Sun Records' Deep Catalog Gets a Spotlight in New Sync Licensing Deal
Wanting a larger share of the sync market, Sun is offering 1,100 tracks from its historic catalog of American music.
Sun Records has one of the most revered catalogs in American music. Now its songs, from the legendary Johnny Cash to forgotten musicians recorded decades ago in Memphis, are going to reach a new generation of fans. Needing a new way to develop its catalog, Sun has partnered with Musicbed to offer 1,100 of its tracks through the Fort Worth-based online licensing platform.
Many of the names need no introduction. Johnny Cash. Carl Perkins. Roy Orbison. Jerry Lee Lewis. Founded in 1952 by Sam Phillips, who famously sold Elvis Presley's contract to RCA Victor Records, the label captured early rock and roll, blues, rockabilly and other genres from Phillips' Memphis recording studio.
Sun Records vp Collin Brace calls the partnership "a big leap forward" in the labels efforts to reach licensees. While Musicbed does not have an exclusive on the 1,100 Sun tracks, it is the only place the tracks can be licensed online. The partnership also represents five-year-old Musicbed's first deal for a partial catalog of a label, according to founder and CEO Daniel McCarthy. "We feel like it has a second life it's about to walk into."
Over the last 3 years, Brace has traveled to New York, Los Angeles and Chicago, pitching the label's catalog to music supervisors, ad agencies and producers. Many artists needed no introduction, but Brace took the opportunity to show Sun has more than familiar Johnny Cash tracks. With the help of agents, Sun songs have recently appeared in episodes of Breaking Bad and Mad Men as well as television commercials and, recently, the trailer for the motion picture "Joy."
Now Brace is hoping Musicbed will help revive parts of Sun's archives. "The heart of it was to bring back some of the music that's been sitting on the shelf for a long time," says Brace. Beyond the stars are many lesser-known artists such as gospel singer Georgie Boy, soul singer Len Wade, and Rockabilly Hall of Fame inductees Alton & Jimmy. Because the label hasn't invested in mastering its entire 8,000-song catalog, some of the 1,100 songs available through Musicbed can't even be found at online stores. "Some of it is from people that walked in off the street, recorded a few songs and got some copies. Sam never called them back," say Brace.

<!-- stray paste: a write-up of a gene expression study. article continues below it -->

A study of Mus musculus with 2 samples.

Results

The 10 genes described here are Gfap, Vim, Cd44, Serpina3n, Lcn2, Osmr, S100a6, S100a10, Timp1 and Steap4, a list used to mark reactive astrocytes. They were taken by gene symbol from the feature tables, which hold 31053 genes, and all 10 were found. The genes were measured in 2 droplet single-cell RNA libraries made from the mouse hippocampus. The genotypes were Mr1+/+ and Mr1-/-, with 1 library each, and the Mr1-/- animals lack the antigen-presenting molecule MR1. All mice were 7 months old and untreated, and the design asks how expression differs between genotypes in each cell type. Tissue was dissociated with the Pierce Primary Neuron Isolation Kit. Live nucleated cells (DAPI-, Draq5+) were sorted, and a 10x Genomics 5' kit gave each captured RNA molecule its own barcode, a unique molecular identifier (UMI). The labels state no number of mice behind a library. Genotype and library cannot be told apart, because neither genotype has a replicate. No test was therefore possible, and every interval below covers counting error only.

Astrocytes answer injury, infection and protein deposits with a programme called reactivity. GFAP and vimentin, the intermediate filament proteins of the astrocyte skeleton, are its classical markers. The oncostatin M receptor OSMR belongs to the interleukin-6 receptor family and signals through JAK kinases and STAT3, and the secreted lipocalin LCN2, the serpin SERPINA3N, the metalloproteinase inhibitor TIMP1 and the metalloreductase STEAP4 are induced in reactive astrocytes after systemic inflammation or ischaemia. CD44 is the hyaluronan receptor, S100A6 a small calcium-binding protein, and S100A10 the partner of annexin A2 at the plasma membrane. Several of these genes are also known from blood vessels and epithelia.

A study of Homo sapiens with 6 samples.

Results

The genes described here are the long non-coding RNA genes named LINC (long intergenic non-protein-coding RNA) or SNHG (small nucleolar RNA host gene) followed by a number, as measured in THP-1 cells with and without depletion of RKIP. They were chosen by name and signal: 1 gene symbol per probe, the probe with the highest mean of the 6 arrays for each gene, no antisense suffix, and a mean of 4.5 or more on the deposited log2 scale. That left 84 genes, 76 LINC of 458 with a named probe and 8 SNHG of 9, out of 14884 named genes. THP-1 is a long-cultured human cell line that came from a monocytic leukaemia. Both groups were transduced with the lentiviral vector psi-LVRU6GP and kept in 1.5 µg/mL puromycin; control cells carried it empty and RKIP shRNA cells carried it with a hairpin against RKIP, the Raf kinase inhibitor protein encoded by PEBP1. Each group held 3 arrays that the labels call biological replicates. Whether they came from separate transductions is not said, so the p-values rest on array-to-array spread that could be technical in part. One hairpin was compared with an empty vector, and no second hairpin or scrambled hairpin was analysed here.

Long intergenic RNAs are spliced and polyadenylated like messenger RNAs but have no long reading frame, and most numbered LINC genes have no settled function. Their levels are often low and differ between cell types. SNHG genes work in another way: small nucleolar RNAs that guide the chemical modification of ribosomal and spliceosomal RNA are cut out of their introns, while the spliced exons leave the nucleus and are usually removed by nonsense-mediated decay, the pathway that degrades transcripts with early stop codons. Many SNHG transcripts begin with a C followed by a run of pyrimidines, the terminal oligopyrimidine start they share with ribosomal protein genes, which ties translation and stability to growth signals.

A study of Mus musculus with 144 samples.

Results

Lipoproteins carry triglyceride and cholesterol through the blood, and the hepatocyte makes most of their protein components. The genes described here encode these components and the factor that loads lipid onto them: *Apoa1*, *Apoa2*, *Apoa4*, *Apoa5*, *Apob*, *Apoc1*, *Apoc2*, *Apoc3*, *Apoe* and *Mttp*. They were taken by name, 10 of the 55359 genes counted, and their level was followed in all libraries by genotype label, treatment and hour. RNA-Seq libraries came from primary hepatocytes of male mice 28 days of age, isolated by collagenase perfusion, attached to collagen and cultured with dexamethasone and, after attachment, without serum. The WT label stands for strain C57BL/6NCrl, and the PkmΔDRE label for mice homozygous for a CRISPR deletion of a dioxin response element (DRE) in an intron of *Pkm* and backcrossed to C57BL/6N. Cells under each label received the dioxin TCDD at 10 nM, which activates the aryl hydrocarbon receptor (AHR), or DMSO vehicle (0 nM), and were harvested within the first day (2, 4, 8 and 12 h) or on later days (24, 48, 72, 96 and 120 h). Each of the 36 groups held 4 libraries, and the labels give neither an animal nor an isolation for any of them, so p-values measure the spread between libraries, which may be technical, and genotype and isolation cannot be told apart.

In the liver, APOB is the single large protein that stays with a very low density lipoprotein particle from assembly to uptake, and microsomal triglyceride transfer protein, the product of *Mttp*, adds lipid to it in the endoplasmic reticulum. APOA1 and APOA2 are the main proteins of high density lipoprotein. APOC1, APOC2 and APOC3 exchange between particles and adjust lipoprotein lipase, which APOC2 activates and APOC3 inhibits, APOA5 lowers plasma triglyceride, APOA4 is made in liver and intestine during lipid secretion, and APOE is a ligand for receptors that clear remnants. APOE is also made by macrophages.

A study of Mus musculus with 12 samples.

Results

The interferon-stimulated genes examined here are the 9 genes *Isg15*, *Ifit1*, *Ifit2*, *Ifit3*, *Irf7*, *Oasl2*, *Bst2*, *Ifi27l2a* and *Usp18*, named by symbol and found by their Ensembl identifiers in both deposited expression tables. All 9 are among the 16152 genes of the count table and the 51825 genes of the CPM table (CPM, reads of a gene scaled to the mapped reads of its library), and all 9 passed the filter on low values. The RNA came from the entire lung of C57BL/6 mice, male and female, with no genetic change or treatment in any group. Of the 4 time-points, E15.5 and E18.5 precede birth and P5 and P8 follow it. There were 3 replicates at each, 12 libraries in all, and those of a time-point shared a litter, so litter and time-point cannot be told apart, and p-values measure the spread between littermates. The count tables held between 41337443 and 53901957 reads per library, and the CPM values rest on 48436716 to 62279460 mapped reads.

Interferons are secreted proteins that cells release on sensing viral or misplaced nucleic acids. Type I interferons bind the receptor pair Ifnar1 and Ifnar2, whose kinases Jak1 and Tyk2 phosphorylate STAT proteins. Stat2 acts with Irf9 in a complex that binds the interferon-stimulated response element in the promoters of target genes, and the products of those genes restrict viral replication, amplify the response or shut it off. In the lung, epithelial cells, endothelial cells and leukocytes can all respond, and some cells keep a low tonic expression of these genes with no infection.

Sync licenses total an estimated $900 million annually but also have the ability to breathe life into an artist or song. In an era of Shazam and quick online searches, viewers can easily discover songs licensed for use in television, film and even online. "If we can get some of these unheard and long lost tracks licensed, maybe it will get some attention back to the artist and we'll have more incentive to put it on iTunes, Amazon and other places," says Brace.
But sync licensing is also a world of unknown, off-brand music with made-to-order sounds, moods or styles. The ease of licensing at Musicbed has Brace hoping licensees will pick Sun's historical music over imitations. "When they wanted that song from '50s, they had to pay a lot and it was a hassle to get 100 percent of the rights," he says. "Then they'd turn to catalog places that recreate and re-record to get that sound. We found a way to beat those catalog companies at their own game."
Musicbed's McCarthy agrees. He has seen the same demand for music that sounds like it came from the Sun era. "We're fulfilling pitches on a weekly basis where clients are sending us a Jerry Lee Lewis song and saying, 'We need something like this.'"
CORRECTION: An earlier version of this article listed Musicbed as being from Dallas. It is actually based in Fort Worth.